Runaway Train by Lee Matthew Goldberg

Nico is a troubled teen reeling from the death of her sister. After her friends suggest she go on a road trip, she sets out to complete a bucket list. It’s the 90s, at the height of Kurt Cobain’s career, and she’s determined to make it to his house. Along the way she meets assorted people who help her grow and change.


Young adult, historical fiction


They told me I was an out-of-control train about to crash…

Everything changed when the police officer knocked on the door to tell me – a 16-year-old – that my older sister Kristen had died of a brain aneurysm. Cue the start of my parents neglecting me and my whole life spiraling out of control.

I decided now was the perfect time to skip town. It’s the early 90’s, Kurt Cobain runs the grunge music scene and I just experienced some serious trauma. What’s a girl supposed to do? I didn’t want to end up like Kristen, so I grabbed my bucket list, turned up my mixtape of the greatest 90’s hits and fled L.A.. The goal was to end up at Kurt Cobain’s house in Seattle, but I never could have guessed what would happen along the way.

At turns heartbreaking, inspiring, and laugh out loud funny, Runaway Train is a wild journey of a bygone era and a portrait of a one-of-a-kind teenage girl trying to find herself again the only way she knows how.


I received a free e-ARC in exchange for a review.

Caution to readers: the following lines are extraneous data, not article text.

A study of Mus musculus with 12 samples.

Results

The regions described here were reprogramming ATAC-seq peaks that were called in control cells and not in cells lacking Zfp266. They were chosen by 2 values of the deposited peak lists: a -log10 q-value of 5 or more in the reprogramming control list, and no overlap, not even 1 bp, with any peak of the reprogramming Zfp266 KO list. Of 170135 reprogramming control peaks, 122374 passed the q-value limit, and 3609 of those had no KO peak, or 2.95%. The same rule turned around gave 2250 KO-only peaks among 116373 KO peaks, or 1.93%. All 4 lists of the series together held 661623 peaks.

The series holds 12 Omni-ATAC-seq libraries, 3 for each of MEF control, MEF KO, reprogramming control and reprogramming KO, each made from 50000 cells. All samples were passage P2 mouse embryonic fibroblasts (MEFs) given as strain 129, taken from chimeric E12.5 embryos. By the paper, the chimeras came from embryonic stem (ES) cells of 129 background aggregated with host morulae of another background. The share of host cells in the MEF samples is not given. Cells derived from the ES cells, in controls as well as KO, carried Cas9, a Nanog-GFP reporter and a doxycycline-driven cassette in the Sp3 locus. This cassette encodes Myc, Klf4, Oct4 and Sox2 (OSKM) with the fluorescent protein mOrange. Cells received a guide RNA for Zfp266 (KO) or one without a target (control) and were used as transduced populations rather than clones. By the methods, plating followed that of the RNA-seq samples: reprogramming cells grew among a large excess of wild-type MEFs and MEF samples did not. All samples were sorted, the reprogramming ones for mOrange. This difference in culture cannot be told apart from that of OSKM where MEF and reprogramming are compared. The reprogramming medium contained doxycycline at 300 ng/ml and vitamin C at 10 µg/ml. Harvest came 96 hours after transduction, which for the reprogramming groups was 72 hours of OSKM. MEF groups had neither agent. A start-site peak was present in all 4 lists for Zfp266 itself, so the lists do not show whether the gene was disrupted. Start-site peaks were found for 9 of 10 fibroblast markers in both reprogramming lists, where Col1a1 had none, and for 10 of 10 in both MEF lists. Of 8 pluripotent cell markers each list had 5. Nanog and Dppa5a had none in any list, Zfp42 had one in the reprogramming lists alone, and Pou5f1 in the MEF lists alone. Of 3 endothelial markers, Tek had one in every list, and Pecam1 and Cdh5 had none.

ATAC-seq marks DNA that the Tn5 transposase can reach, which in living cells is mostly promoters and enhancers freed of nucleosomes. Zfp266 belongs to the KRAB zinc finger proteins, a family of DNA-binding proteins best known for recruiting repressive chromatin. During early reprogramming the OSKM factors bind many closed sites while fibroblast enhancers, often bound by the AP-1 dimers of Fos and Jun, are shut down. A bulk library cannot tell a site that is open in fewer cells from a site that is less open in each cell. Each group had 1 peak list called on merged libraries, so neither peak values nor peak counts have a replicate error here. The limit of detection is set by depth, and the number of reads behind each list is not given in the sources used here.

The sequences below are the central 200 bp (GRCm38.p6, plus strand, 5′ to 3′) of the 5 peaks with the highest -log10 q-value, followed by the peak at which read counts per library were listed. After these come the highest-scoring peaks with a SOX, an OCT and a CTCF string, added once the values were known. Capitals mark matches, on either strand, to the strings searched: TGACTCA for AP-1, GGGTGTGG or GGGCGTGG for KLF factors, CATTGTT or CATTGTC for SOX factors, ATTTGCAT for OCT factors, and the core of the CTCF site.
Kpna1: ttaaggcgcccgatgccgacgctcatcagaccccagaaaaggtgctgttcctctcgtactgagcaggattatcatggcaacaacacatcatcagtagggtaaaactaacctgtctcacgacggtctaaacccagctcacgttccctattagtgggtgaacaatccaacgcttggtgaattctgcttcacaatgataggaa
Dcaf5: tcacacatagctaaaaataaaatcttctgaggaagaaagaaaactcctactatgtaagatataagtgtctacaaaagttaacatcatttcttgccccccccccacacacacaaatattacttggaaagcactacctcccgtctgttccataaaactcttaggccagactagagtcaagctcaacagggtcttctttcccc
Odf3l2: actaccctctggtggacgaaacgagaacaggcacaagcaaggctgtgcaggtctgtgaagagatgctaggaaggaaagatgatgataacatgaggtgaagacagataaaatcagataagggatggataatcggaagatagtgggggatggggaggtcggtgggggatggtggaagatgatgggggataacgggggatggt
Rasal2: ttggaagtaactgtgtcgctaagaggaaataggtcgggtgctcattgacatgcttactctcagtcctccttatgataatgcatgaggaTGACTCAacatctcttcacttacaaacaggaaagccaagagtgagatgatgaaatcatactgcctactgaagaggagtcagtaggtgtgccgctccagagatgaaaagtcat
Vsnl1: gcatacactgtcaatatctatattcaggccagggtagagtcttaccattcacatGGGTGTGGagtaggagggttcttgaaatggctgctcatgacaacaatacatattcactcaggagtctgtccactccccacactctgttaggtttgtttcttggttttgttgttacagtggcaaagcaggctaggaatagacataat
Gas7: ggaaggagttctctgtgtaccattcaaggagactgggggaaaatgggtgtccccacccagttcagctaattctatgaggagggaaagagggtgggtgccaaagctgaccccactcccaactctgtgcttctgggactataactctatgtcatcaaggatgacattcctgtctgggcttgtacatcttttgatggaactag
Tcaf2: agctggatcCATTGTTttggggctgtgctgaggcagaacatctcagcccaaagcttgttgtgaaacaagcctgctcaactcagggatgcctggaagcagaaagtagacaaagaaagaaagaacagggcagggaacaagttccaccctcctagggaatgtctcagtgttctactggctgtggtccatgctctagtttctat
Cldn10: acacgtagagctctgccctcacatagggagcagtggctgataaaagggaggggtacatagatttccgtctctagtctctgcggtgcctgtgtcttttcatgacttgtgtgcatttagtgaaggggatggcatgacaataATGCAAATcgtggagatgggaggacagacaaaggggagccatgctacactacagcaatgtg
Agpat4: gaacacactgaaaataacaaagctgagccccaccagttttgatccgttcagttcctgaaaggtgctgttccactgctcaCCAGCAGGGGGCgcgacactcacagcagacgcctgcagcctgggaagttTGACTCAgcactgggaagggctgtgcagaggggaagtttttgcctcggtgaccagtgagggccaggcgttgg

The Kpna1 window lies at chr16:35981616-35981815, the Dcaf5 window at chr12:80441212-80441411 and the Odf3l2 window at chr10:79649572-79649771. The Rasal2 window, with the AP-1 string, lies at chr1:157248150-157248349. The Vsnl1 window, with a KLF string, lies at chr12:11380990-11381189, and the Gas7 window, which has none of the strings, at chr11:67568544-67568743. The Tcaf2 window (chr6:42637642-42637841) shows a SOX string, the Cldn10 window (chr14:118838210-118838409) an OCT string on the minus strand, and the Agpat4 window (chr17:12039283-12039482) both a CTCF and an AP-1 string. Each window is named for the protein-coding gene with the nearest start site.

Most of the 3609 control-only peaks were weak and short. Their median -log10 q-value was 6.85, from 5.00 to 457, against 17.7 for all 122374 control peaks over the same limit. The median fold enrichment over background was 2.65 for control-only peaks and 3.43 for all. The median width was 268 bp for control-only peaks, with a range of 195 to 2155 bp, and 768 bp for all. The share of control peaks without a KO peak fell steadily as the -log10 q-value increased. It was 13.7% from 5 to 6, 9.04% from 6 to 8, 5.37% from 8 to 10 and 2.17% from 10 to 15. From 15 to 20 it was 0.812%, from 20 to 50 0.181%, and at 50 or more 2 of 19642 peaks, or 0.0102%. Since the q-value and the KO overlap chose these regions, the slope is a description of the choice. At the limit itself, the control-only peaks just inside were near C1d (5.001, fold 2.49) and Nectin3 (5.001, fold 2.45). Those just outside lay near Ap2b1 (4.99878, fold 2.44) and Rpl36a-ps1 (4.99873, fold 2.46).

This is a tough book to read. A major trigger warning for drug abuse. It’s a very raw exploration of mental illness and is often very upsetting. But the situation it portrays is too often real.

I loved that it was set in the 90s. I love 90s music, and the grunge theme was awesome. Every chapter is named for a 90s song, and I got a bunch of them in my head just from reading the titles. It’s a wonderful homage to grunge, something you don’t see in books published recently.

Kurt Cobain’s impact on people, particularly youth, was explored here, and the reactions to his suicide are captured so well. Many don’t realize the complete devestation that resulted from his death.

I didn’t like the sentiment that suicide is “the easy way out.” A lot of people think that helps to say, but it really doesn’t. Suicidal people aren’t being lazy and cowardly; they need help and support.

Overall I really liked this book, though I had to take some breaks because the drug abuse was difficult to read about. It’s a great story about a girl’s mental health journey, and the author shows great promise. There’s supposed to be a sequel and I am interested in reading it. I would say it is worthwhile.